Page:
Why New York City’s tech boom will turn it into a ghost town

New York is becoming a tech town.

God help us all.

Amazon may have backed out of their plan to build their “second headquarters” in Queens after local objections, but according to a survey by analyst firm KPMG in March, 60 percent of tech-industry leaders still believe New York will surpass Silicon Valley as the country’s center of technology innovation. Already, Google is growing its New York City presence with a new $1 billion Hudson Square campus, scheduled to open in 2020 — with additional space planned for 2022.

That would initially mean good news for many tech workers, who are likely drawn to our city’s diversity, great plays, art and culture.

But if too many of them move here, they will no doubt enjoy it for approximately six months before they destroy it entirely.

Yes, it’s overly romantic to mourn the old New York of the 1970s. On the whole, most people would rather get hassled by an Elmo in Times Square than by a man with a knife. Accordingly, we’ve all learned to deal with beloved old neighborhood restaurants being turned into Pinkberrys. But the idea of them being turned into stores that sell not food but Soylent, the protein powder that techies use for nutrients, is just too distasteful to bear.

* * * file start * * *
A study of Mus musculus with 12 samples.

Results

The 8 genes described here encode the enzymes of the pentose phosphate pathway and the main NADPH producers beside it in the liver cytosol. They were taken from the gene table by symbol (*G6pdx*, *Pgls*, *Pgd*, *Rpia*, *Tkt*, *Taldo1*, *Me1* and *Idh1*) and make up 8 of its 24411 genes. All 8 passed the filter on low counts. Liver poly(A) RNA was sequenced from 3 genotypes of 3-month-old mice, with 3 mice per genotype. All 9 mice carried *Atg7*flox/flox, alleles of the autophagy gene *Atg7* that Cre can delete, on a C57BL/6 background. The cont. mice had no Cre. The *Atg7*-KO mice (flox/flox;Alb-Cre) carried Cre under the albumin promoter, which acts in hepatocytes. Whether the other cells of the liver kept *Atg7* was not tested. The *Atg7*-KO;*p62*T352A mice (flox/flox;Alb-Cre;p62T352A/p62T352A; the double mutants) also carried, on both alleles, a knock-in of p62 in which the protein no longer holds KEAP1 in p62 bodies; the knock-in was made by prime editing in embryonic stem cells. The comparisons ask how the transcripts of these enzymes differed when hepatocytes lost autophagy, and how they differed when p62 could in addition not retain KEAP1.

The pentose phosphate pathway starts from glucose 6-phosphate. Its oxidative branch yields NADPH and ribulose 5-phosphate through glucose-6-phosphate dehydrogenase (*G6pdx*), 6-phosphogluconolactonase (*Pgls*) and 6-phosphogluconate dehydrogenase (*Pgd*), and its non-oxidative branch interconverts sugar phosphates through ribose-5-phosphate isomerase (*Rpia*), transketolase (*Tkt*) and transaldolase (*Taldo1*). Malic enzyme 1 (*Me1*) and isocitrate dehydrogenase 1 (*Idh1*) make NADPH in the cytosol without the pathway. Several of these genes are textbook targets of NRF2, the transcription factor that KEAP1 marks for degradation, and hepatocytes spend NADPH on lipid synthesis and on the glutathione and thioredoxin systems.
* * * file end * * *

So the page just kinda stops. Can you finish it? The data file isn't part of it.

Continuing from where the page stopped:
For all out-of-towners talk about people in the city being hostile, New York is still a place that encourages human interaction. Everything that tech bros promise is something we already have — as long as you’re willing to venture out among people. You want a Gatorade and cat food at 2 in the morning? You don’t need a delivery app, you need a bodega.

Uber is just taxis, if taxi drivers didn’t have a union and might kidnap you. Uber Express Pool is for people who are willing to take public transit but seemingly have never seen a bus.

Besides. The advice New Yorkers give tourists on the subway, the way the guy at the bodega knows your exact order, the complaints about holiday traffic you share with grumpy taxi drivers, the low-key camaraderie the city brings out in all of us — those are all things that can’t be replaced by any app out of Silicon Valley.


Silicon Valley, after all, boasts a culture that seems to prize efficiency and cleanliness over, well, people.

To see how that works out, you only have to look at San Francisco. It’s gone from being a haven to artists and counterculture renegades, full of bookstores and crazy bars, to a place dominated by a single industry. Instead of street cars, “Google buses” ferry tech bros to and from the search engine’s campus, enabling them to avoid contact with anyone else in the city.

Not that anyone else can afford to live there. In April, the East Bay Times reported that the housing bubble created by the tech industry has forced many non-tech-working residents of the city to move into RVs. The UN has declared the homeless crisis in the Bay Area a human-rights violation. If you think the housing scene in New York is already bad, just wait until more techies move in.

The city currently hosts about 9,000 startups. Imagine if that grows? The tech scene fosters an out-of-touch bubble that literally displaces the very people who keep a city functioning, let alone interesting. And when all the corner stores are gone, Amazon will open a new one and claim it’s “disrupting” your shopping experience.

It will sell I♥ NY shirts but not be staffed by actual humans.